I just recently spent a few hours diagnosing a very inconsistent network behavior when browsing between websites. I’ve known for a while that it’s probably a DNS issue. After testing, I found that xo.net’s (the bandwidth seller to my ISP) DNS servers are just intermittently dog slow in resolving individual queries, up to 10 seconds a piece.

I demoed using opendns.com’s free resolvers, which indeed are fairly fast, but load my browser with advertising for every domain name typo. Not going to fly.

As a temporary fix instead, I started using local (and my former) universities’ DNS servers, as they’re really quick, reliable, close, and most importantly, wide open to the world. I try to be mindful of using other people’s resources, though, prompting me to ask my coworkers, “Is it ethical to use someone else’s DNS resolver?”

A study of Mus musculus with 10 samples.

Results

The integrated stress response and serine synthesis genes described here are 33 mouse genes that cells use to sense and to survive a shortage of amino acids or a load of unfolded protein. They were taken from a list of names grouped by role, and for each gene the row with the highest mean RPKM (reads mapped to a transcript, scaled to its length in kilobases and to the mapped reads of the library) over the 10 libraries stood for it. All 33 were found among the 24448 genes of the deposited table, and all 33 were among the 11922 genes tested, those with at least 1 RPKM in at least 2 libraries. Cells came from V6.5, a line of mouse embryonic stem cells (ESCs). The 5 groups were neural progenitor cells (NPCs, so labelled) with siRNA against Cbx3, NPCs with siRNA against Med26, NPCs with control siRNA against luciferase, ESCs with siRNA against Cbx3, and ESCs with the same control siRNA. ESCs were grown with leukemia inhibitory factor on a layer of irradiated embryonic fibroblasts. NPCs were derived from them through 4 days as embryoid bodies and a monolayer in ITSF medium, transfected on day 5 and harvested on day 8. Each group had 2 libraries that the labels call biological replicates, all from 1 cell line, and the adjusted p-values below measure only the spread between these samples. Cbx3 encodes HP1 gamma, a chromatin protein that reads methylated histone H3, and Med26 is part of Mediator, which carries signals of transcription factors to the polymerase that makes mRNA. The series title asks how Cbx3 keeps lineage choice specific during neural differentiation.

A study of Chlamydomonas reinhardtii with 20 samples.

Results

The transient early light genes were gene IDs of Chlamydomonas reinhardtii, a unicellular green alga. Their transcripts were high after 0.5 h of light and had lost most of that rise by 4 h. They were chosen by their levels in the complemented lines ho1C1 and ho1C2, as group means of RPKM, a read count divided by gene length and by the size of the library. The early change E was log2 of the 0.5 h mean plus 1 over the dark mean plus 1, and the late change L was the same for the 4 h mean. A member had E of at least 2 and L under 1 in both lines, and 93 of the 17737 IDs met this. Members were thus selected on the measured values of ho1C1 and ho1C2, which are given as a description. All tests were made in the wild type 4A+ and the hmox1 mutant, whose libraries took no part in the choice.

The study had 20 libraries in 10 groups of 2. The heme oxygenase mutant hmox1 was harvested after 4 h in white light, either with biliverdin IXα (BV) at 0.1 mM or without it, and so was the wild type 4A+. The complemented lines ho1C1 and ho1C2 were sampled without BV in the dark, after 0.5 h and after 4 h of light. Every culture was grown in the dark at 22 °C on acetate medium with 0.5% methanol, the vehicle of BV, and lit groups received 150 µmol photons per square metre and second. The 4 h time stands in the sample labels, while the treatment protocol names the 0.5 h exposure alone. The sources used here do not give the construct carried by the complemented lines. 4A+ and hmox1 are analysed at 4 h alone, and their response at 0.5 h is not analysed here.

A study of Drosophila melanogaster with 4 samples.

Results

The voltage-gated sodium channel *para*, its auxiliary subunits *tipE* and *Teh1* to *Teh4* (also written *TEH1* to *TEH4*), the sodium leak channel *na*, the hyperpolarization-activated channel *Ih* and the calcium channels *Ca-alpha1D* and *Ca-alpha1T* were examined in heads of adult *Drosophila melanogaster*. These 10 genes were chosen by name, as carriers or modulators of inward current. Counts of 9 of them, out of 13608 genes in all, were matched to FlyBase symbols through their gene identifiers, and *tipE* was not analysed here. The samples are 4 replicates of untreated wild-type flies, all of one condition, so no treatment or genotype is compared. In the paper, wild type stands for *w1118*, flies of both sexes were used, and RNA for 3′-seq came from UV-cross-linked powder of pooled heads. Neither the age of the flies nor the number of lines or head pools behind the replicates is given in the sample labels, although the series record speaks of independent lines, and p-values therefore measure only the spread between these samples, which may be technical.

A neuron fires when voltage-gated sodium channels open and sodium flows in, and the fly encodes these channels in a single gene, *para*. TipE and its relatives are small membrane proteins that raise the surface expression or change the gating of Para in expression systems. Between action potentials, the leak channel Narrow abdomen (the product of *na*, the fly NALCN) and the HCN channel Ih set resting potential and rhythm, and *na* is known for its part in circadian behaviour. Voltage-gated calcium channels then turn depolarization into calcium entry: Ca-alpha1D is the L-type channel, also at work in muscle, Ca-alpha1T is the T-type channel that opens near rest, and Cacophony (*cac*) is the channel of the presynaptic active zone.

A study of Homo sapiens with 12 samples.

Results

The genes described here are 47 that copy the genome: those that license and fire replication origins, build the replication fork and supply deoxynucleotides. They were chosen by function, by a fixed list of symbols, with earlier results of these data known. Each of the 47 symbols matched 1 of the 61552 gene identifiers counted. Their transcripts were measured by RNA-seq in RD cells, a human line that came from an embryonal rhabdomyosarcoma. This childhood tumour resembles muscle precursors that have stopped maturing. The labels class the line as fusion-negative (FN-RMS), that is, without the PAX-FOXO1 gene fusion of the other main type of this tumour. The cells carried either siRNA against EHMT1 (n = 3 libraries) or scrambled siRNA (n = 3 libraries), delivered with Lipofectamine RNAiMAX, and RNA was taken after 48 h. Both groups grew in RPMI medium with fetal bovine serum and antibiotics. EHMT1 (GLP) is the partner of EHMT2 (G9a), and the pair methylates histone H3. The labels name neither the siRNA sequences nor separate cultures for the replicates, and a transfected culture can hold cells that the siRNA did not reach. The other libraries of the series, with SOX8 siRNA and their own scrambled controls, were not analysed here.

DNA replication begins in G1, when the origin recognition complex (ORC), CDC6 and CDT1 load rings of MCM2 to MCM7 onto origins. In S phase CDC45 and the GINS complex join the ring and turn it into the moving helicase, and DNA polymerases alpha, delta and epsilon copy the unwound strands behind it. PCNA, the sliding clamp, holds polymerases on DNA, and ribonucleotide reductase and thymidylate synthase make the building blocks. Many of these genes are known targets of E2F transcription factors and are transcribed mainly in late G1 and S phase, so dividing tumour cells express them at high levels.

Just today on the NYLUG mailing list was a post about using freely available DNS servers instead of crap ones. Indeed, a list of open DNS servers exists and even conveniently geolocates the closest DNS server. Problem is, the three it suggested for me are also really slow. Where the uni DNS servers are about 20ms away, all three random DNS servers bottomed out at 140ms. It appears that one of them, even, is some guy on an ADSL line.

Which just leads me to believe I should set up my own tinyDNS server and achieve ultimate roundtrip times through tuning. Alas, my router does run dd-wrt, but does not have the necessary memory for yet another service.

Ah the problems a geek faces when he gets home from his day (and, for the last while, night) job.